Acclaimed writer Michel Mardore made his directorial début with this crude but
chillingly effective portrayal of Faustian corruption of innocence. The World War
II trappings provide a convenient backdrop for a familiar tale, one in which a blameless
innocent is ensnared by the Devil in human flesh, and gradually led towards committing
a crime of unspeakable horror. Despite some noticeable imperfections in the
script, the direction and the acting, Le Sauveur
is a compelling and disturbing work which plays on the spectator's emotions to great effect.
The story is told predominantly from the perspective of the young Nanette - so we
gain a keen appreciation of her feelings as the drama unfolds. First the ennui before
meeting Claude, then the suspicion and excitement that the stranger arouses, then the
insane passion that is love, to be followed by spiteful loathing when Claude leaves her,
and so on. This one-person perspective allows the film's last twenty minutes to
have their full dramatic force. What we see would have been shocking enough, but
to have such empathy with Nanette's feeling of complicity in what happens just adds another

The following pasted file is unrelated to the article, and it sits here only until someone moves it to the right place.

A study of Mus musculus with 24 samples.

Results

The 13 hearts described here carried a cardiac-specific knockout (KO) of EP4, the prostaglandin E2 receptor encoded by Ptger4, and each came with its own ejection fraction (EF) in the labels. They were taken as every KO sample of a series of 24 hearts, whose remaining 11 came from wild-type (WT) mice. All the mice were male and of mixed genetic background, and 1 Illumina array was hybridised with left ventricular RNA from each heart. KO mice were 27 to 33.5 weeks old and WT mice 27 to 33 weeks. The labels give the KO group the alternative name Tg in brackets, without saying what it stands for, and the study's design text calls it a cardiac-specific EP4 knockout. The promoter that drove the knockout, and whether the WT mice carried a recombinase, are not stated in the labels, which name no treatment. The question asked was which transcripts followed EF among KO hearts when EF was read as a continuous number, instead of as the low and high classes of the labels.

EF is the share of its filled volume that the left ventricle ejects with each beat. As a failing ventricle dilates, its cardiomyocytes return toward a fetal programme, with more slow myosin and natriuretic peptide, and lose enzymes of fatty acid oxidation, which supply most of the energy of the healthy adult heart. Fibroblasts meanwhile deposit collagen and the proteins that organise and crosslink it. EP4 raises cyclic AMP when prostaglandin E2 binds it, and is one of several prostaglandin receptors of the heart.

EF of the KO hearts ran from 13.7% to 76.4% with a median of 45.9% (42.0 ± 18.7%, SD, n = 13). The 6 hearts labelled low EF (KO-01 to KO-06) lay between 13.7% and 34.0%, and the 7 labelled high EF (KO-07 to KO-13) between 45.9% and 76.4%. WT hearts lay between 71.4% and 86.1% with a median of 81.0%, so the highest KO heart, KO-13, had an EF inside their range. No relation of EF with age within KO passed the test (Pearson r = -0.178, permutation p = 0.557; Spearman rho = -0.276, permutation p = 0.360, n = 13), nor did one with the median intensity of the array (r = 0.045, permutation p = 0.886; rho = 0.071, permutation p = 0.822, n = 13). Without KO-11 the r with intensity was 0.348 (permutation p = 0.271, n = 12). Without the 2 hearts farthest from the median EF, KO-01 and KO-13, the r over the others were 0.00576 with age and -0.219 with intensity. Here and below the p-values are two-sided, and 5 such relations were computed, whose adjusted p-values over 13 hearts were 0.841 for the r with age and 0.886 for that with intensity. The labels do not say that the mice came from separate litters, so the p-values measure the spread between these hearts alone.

dimension of brutal emotional engagement. Perhaps Mardore's biggest mistake was
to tack on an implausible epilogue which allows Nanette to redeem herself. A final
parting shot of Nanette witnessing the Nazi brutality at its worst, and realising her
part in all this, would have had far greater impact than what is actually shown.
The casting of Nanette was a last minute decision. Isabelle Adjani was considered
for the role but at the last moment it was given to Muriel Catalá, her first film
part in a surprisingly short career. More controversial was Mardore's decision to
cast Horst Buchholz in the role of Claude. Although the devastatingly handsome Buchholz
had had a hugely successful career in Germany, he was not favoured by the critics.
Mardore's judgement paid off, however. In Le Sauveur
Horst Buchholz is easily seductive as the English soldier he initially pretends
to be, but then horrifyingly evil as the Nazi officer he becomes in the film's latter
half - truly a performance to send a chill down the spine.
The film's dramatic
ending was inspired by a real life event - an horrific act of Nazi purging that took place
in the town of Oradour-sur-Glane, in the Haute-Vienne region of France on 10th June 1944.
As they retreated from the advancing allied forces, a regiment of German soldiers took
the time to round up and execute the inhabitants of the town - an act of mindless brutality
which has not been explained to this day.